One of the most popular theories in Game of Thrones suggests that Jon Snow is the reincarnation of a legendary hero, Azor Ahai. However, another theory posits that Jon isn't Azor Ahai reborn, the Prince That Was Promised, but is instead the embodiment of Lightbringer, the Red Sword of Heroes.
As Game of Thrones season 8 quickly approaches, fans are anxiously awaiting anything which might provide some insight in what happens in these final episodes. And without a proper Game of Thrones season 8 trailer, episode synopses, or any material from the books (seeing as the Game of Thrones' narrative eclipsed the published novels seasons ago), what we're left with are attempts at predicting what comes next by analyzing popular theories based around prophecies found within the story.
The Prince That Was Promised, a prophecy which predicts the second coming of Azor Ahai by looking for specific telltale signs (smoke and salt, a bleeding star, etc.), is by far the most prevalent prophecy in Game of Thrones. But this particular interpretation from Reddit user luxurysedan3030 takes an interesting approach in that it argues the original legend surrounding Azor Ahai has been taken too literally. And if the legend is read more symbolically, then what the prophecy predicts about Azor Ahai reborn, wielding Lightbringer against the darkness, may not refer to a literal sword but something - or someone - else.
- This Page: Azor Ahai Explained & Why Jon is Lightbringer
- Page 2: How It Changes Game of Thrones Season 8 & Why Jon Isn't Lightbringer
The Legend of Azor Ahai & Lightbringer Explained
Azor Ahai is a legendary hero who is said to have led the fight against the darkness some 8,000 years, ending The Long Night. To accomplish this incredible feat, Azor Ahai forged a powerful, flaming sword - Lightbringer, the Red Sword of Heroes. However, the forging of Lightbringer was an ordeal, and fitting with its mythic stature, a great sacrifice was necessary in order to create the sword.
As the legends goes, after being chosen as R'hollr's champion, Azor Ahai had to forge a mighty sword. For 30 days and 30 nights he worked, but when it came time to temper the steel in water, the blade broke. Undeterred, Azor Ahai began again, this time laboring for 50 days and 50 nights, and when it came to time to temper the steal, he drove the sword into a lion's heart - but again, the blade broke. Finally, Azor Ahai understood what he must do, and he again worked for another 100 days and nights at forging the sword. When he was finished and needed to temper the steal, he called for his wife, Nissa Nissa, and asked her to bare her breast to him. Azor Ahai then drove the sword in to Nissa Nissa's heart, killing her but also infusing the blade with her very soul. This sword was Lightbringer, and its blade would forever radiate its own heat and be as warm to the touch as Nissa Nissa had been.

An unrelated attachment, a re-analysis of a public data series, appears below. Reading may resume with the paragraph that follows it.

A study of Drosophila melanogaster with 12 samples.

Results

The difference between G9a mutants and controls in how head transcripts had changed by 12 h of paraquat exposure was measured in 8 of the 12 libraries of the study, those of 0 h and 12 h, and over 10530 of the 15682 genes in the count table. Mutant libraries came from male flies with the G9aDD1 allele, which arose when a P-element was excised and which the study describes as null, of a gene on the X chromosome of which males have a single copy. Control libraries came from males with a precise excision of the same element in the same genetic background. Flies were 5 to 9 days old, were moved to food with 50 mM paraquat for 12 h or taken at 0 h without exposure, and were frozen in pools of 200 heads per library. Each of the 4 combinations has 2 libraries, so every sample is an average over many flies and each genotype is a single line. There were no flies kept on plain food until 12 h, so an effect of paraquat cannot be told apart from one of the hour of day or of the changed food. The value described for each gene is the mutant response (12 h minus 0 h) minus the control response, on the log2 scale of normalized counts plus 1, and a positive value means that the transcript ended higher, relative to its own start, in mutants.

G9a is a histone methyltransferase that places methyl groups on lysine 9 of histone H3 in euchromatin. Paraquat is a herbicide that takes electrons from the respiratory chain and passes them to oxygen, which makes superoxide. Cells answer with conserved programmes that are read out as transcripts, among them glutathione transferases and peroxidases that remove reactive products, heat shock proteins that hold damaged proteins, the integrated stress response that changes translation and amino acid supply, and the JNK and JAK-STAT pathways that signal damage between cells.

The story of Azor Ahai and the forging of Lightbringer have since become synonymous with the prophecy of the Prince That Was Promised. As a part of the prophecy, it's said that Azor Ahai reborn will again wield Lightbringer against the darkness - but whether the sword needs to be rediscovered or reforged is unclear. Of course, that's also assuming that Lightbringer is an actual sword, because as prophecies and legends go, the language can be interpreted either literally or more symbolically. In which case, if the legend and prophecy surrounding Azor Ahai is approached more symbolically, then Lightbringer need not really be a sword at all.
Why Jon Snow is Lightbringer - Not Azor Ahai
Long before Melisandre declared Stannis Baratheon to be Azor Ahai reborn, the Prince That Was Promised, there was another person who many believed to be the prophesied savior - Rhaegar Targaryen. Of course, Rhaegar dies before Game of Thrones' story even begins, which makes him appear to be an unlikely savior. However, if we take a symbolic reading of the Azor Ahai legend - as Reddit user luxurysedan3030 does for this fan theory - then Rhaegar's role as the Prince That Was Promised begins to make sense.
In the legend, Azor Ahai tries three times to forge the sword, and it's only on his third attempt - when he sacrifices his true love, Nissa Nissa - that the sword doesn't break. By comparison, Rhaegar had a total of three children, but only his third child - Jon Snow, who Rhaegar had with Lyanna Stark - is still alive today. And when taken symbolically as opposed to literally, it becomes clear: the legend of Azor Ahai "tempering" a "sword" in the "heart" of the woman he loves isn't really about creating a weapon, it's about bearing a child. (Lyanna died in childbirth, after all.) So if Rhaegar was Azor Ahai reborn as many believed, then Lightbringer isn't a sword - it's Jon Snow.
Lightbringer was forged to drive back the darkness, and no one has committed themselves to fighting that battle more than Jon. The Night's Watch oath, which Jon recites, includes the lines: "I am the Sword in the darkness; the Fire that burns against the cold; the Light that brings the dawn," and by swearing that oath, Jon commits to fighting that darkness, the White Walkers. And when he is killed before he can carry out that duty, he is resurrected by R'hllor - the Lord of Light - so that he can fulfill his destiny.